Can a Kimbo Slice Protégé Become a Ghetto Superstar?

Whatever the outcome, Dhafir Harris does it with no fear.

But not everyone was entertained. Peter Carmel, a prominent neurosurgeon, said the fights were "about as close to murder as you can get"; Sen. John McCain famously dubbed the burgeoning sport "human cockfighting"; and dozens of states banned it. For years the sport sputtered along — staging bouts in Native American casinos and redneck bars — until 2001, when two Las Vegas casino magnates bought the near-bankrupt UFC franchise for $2 million.

Thanks to savvy marketing and rule changes (no groin shots or hits to the back of the head), the organization began to take off. Nevada started sanctioning bouts in 2001; Florida followed in 2002.

Today, UFC is the largest MMA organization and has surpassed boxing and wrestling in pay-per-view revenue. Its reality show, The Ultimate Fighter on Spike TV, often draws more viewers than NBA and Major League Baseball games in the coveted 18-to-34 male demographic. Even critics have come around. "They have cleaned up the sport to the point, at least in my view, where it is not human cockfighting anymore," Senator McCain recently told National Public Radio. "They haven't made me a fan, but they have made progress."

Omar Perez wrestles Chauncey to the ground during Harris's back-yard brawl.
C. Stiles
Omar Perez wrestles Chauncey to the ground during Harris's back-yard brawl.
Jimmy Thompson mentally prepares himself to do battle.
C. Stiles
Jimmy Thompson mentally prepares himself to do battle.


A call from EliteXC, a UFC competitor, followed, and just like that, Kimbo was on CBS, headlining the first network broadcast of an MMA fight. Kimbo lost his last fight (some think he took a dive) and is now in Japan trying to salvage what's left of his fight career. While much of the MMA world has tried to distance itself from Kimbo — UFC's Dana White called him a step backward for a sport still fighting for credibility — Harris thinks differently. "Kimbo is an inspiration to a lot of cats in the hood," Harris says. "They see what he did and believe they can do it too."

Harris hopes to create the type of following that would allow him to take his show on the road to Atlanta, Austin, Memphis, and other Southern cities where underground fighting has a following. For Harris and the fighters he promotes, back-yard brawls are their tickets out of the Miami ghetto. But that's not all: Harris envisions attracting major corporate sponsors such as Red Bull, SoBe Life Water, and Gatorade and holding bare-knuckle fights at American Airlines Arena.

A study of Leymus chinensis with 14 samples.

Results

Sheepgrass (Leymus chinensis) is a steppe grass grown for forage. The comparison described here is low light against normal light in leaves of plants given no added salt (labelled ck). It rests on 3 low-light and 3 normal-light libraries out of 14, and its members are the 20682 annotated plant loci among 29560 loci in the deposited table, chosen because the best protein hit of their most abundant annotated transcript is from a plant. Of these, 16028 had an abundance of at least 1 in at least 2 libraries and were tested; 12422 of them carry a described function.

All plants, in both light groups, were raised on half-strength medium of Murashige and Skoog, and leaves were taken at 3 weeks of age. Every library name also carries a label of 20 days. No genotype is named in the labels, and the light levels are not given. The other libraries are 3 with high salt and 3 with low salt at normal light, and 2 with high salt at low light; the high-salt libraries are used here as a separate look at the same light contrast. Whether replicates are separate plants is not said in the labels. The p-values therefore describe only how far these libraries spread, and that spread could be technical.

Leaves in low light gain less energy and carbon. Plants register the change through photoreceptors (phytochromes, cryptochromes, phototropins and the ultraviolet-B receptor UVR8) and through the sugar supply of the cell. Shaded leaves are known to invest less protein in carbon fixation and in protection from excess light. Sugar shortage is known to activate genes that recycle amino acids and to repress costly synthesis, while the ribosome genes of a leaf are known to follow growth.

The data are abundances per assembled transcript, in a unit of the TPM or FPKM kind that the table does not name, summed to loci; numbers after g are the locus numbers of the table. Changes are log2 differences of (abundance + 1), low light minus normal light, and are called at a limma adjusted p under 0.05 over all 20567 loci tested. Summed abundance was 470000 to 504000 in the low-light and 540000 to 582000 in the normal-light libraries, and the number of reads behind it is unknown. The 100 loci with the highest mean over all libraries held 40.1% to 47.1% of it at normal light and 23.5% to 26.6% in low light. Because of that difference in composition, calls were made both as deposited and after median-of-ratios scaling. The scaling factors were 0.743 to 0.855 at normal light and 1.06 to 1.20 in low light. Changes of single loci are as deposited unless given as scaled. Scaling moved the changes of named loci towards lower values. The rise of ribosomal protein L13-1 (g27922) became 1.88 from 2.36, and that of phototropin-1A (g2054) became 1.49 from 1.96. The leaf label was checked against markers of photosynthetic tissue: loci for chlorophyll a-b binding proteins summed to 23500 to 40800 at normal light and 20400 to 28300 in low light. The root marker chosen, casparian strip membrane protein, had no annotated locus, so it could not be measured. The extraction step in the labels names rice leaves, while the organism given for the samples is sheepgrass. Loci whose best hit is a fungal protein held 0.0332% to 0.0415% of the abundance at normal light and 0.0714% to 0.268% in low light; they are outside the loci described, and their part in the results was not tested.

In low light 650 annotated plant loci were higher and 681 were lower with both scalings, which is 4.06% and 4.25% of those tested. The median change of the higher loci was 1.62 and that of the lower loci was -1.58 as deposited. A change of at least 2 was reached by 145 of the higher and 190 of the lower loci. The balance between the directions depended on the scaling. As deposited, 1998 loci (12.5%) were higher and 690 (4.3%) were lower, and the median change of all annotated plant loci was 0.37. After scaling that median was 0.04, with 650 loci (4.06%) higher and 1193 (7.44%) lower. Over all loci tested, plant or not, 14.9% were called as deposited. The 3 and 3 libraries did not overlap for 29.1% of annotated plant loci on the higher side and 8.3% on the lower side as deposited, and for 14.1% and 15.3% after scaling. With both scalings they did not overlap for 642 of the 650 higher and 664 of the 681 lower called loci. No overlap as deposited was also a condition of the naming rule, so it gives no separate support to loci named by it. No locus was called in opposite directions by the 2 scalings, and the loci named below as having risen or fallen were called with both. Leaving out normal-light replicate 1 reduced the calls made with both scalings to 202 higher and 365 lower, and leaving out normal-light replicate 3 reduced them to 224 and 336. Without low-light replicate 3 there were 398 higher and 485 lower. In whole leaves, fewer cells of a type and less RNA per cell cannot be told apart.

Harris isn't the only one who thinks the market for bare-knuckle back-yard fights remains untapped. The now-defunct Rio Heroes of Fort Lauderdale pitted thugs from the ultra-violent Brazilian favelas against each other, offering them a chance to go from the slums to MMA superstardom. Felony Fights, an underground fight club, matches up ex-cons in brutal, non-sanctioned events in which even biting is permitted. Clips of the fights are available on YouTube, and stores such as Best Buy and Sam Goody sell DVDs that feature full-length bouts.

Mike McGowan, a trainer with the National Karate Academy on Old Cutler Road, believes ex-cons and thugs represent the future of MMA. "These guys are real warriors," he says. "They step into the ring knowing they are not going to get medical attention. It takes a lot of balls to do that."

The question facing Harris is if he can carve out a place for himself in the already crowded landscape of mixed martial arts. McGowan is doubtful. Despite the sport's growing popularity, few MMA organizations have prospered like UFC. EliteXC, the league that signed Kimbo, went belly-up in October. International Fight League also folded this year.

The problem with back-yard brawls, McGowan says, is that there is no way to contain the mayhem and chaos that makes them appealing into something that can be taken on the road. "You are never going to get sanctioned for holding a bare-knuckle, anything goes tournament," McGowan says. "So that means no pay-per-view and no Madison Square Garden."

If anything, McGowan says, back-yard brawling leagues serve as a fertile ground to tap the next MMA sensation in the same way Kimbo gained recognition. Already, one fighter who started his career in Harris's back yard is on his way to MMA stardom. Josbel Rodriguez, aka "Jay Pressure," a Bronx-born Cuban American, caught the eye of an MMA promoter at Harris's last tournament in July. Rodriguez is scheduled to fight in an MMA event at American Airlines Arena in February.

Despite the doubters, Harris is convinced he can succeed. "It is all about educating people that back-yard fights is a profitable business," he says. "There is a market for this type of fighting."


Back in Perrine, Harris is sitting in his mother's living room on a flower-print sofa, jotting down the revamped fight card with a Sharpie marker. He is already two hours behind schedule. If he doesn't start the bouts before sundown, his cameraman, who has finally shown up, won't get good footage for YouTube.